In Vitro Gametogenesis (IVG)


kiwifarms.net
No. Because most people have sex for pleasure and not for reproduction, lol.
The technology obviously won't make recreational sex obsolete, but I can see it making reproductive sex largely obsolete, and I can definitely see it blurring a lot of the lines which currently exist between the sexes. A world where men can become mothers and women can become fathers is probably not going to assign the same significance to biological sex as we do currently.
 

Hellbound Hellhound

kiwifarms.net
Joined
Apr 2, 2018
Nobody is talking about it because nuclear transfer has been a thing for ages and this is barely any different.
It's completely different. Nuclear transfer is used in cloning; IVG is used to create gametes in vitro. A child born through IVG wouldn't be a clone, even if someone were to use the technology to reproduce with themselves.
 

Large

kiwifarms.net
Joined
Dec 30, 2018
It's completely different. Nuclear transfer is used in cloning; IVG is used to create gametes in vitro. A child born through IVG wouldn't be a clone, even if someone were to use the technology to reproduce with themselves.
Name one useful thing that can be done with this but cannot be done with nuclear transfer.
 

Krokodil Overdose

Joined
May 19, 2018
Female sperm/ male egg has been on the table since cell stemming was discovered, but the most basic reproductive bottleneck is still the uterus, and nobody (AFAIK) has made any significant progress towards circumventing it.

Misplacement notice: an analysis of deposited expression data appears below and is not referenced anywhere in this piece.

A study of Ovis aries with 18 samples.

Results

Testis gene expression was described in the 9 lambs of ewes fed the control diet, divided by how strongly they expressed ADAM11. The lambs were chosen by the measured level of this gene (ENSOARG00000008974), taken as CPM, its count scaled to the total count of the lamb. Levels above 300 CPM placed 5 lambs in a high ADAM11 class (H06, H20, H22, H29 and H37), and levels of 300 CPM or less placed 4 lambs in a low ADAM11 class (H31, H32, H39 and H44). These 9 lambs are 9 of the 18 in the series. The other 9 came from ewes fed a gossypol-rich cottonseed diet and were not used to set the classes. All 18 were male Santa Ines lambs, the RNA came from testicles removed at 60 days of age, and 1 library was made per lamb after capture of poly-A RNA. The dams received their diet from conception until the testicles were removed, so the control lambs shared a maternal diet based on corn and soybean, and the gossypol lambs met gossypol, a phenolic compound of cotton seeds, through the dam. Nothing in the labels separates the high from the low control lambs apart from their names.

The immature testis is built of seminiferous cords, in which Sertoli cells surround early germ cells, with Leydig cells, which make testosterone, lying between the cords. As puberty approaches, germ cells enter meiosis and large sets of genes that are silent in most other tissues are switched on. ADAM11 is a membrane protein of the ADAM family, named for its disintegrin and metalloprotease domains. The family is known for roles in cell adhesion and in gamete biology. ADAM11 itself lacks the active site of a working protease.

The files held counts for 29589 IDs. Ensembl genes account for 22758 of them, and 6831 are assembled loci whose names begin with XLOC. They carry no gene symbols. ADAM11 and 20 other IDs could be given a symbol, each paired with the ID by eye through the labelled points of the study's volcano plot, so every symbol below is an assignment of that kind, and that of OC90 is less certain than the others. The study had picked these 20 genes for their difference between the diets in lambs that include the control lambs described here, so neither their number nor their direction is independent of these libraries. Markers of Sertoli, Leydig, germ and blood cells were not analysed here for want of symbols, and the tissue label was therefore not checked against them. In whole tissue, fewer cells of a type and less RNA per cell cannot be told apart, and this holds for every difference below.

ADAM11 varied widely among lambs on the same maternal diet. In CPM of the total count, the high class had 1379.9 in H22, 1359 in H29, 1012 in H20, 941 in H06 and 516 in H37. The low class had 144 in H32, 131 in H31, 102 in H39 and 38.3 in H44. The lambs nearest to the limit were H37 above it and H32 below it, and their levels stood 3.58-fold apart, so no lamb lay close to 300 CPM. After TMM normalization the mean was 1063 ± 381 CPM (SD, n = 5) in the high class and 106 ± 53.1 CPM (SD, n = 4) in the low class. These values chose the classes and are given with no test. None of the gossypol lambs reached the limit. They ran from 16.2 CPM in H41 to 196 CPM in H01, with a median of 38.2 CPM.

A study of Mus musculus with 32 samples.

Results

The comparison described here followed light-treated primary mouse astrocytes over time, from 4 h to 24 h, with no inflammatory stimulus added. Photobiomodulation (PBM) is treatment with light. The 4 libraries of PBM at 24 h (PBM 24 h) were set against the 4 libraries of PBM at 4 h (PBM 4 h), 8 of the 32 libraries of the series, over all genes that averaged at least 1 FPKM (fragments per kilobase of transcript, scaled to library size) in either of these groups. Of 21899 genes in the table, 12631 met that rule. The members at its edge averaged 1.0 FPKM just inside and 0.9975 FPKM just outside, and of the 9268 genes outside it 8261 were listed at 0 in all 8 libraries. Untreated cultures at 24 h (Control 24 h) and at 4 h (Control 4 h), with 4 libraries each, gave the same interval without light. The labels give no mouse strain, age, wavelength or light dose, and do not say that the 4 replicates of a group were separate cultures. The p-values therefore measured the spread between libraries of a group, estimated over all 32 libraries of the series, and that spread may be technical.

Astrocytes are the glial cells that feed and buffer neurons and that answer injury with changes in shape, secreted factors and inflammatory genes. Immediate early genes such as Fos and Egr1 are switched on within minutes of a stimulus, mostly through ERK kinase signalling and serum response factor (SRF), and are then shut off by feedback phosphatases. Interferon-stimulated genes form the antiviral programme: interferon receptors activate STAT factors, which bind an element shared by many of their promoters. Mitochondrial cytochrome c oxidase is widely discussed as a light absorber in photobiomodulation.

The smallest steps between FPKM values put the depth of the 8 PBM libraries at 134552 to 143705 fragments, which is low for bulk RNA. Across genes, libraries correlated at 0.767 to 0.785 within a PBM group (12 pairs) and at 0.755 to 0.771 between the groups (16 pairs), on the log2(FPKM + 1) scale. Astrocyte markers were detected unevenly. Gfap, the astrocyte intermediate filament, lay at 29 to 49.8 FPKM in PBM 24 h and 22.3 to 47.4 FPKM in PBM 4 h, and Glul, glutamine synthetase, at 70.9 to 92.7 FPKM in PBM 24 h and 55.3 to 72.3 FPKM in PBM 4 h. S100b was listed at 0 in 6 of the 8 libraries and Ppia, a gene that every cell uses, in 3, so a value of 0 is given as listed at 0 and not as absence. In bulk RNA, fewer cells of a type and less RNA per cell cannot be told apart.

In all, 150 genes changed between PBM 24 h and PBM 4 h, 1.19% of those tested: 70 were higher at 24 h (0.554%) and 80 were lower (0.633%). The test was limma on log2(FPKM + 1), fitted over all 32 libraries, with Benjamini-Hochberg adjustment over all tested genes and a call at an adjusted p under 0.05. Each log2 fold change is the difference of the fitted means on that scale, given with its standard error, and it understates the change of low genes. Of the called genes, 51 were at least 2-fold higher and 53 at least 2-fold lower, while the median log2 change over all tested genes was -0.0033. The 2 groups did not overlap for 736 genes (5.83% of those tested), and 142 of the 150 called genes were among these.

Hellbound Hellhound

kiwifarms.net
Joined
Apr 2, 2018
Name one useful thing that can be done with this but cannot be done with nuclear transfer.
The creation of entirely new gametes, and thus, the removal of any need for them to be donated. From the perspective of genetic screening, this is a big deal, since you now have a practically unlimited number of eggs to work with.
Female sperm/ male egg has been on the table since cell stemming was discovered, but the most basic reproductive bottleneck is still the uterus, and nobody (AFAIK) has made any significant progress towards circumventing it.
Ectogenesis is probably some way off for now, although progress in the area is definitely being made. In a 2017 study that got published in Nature, researchers managed to artificially gestate lambs from the second trimester onwards, although it would seem that the primary goal of the research (for now) was to find a way to increase the survival chances for premature births.

Until then, there's always surrogacy.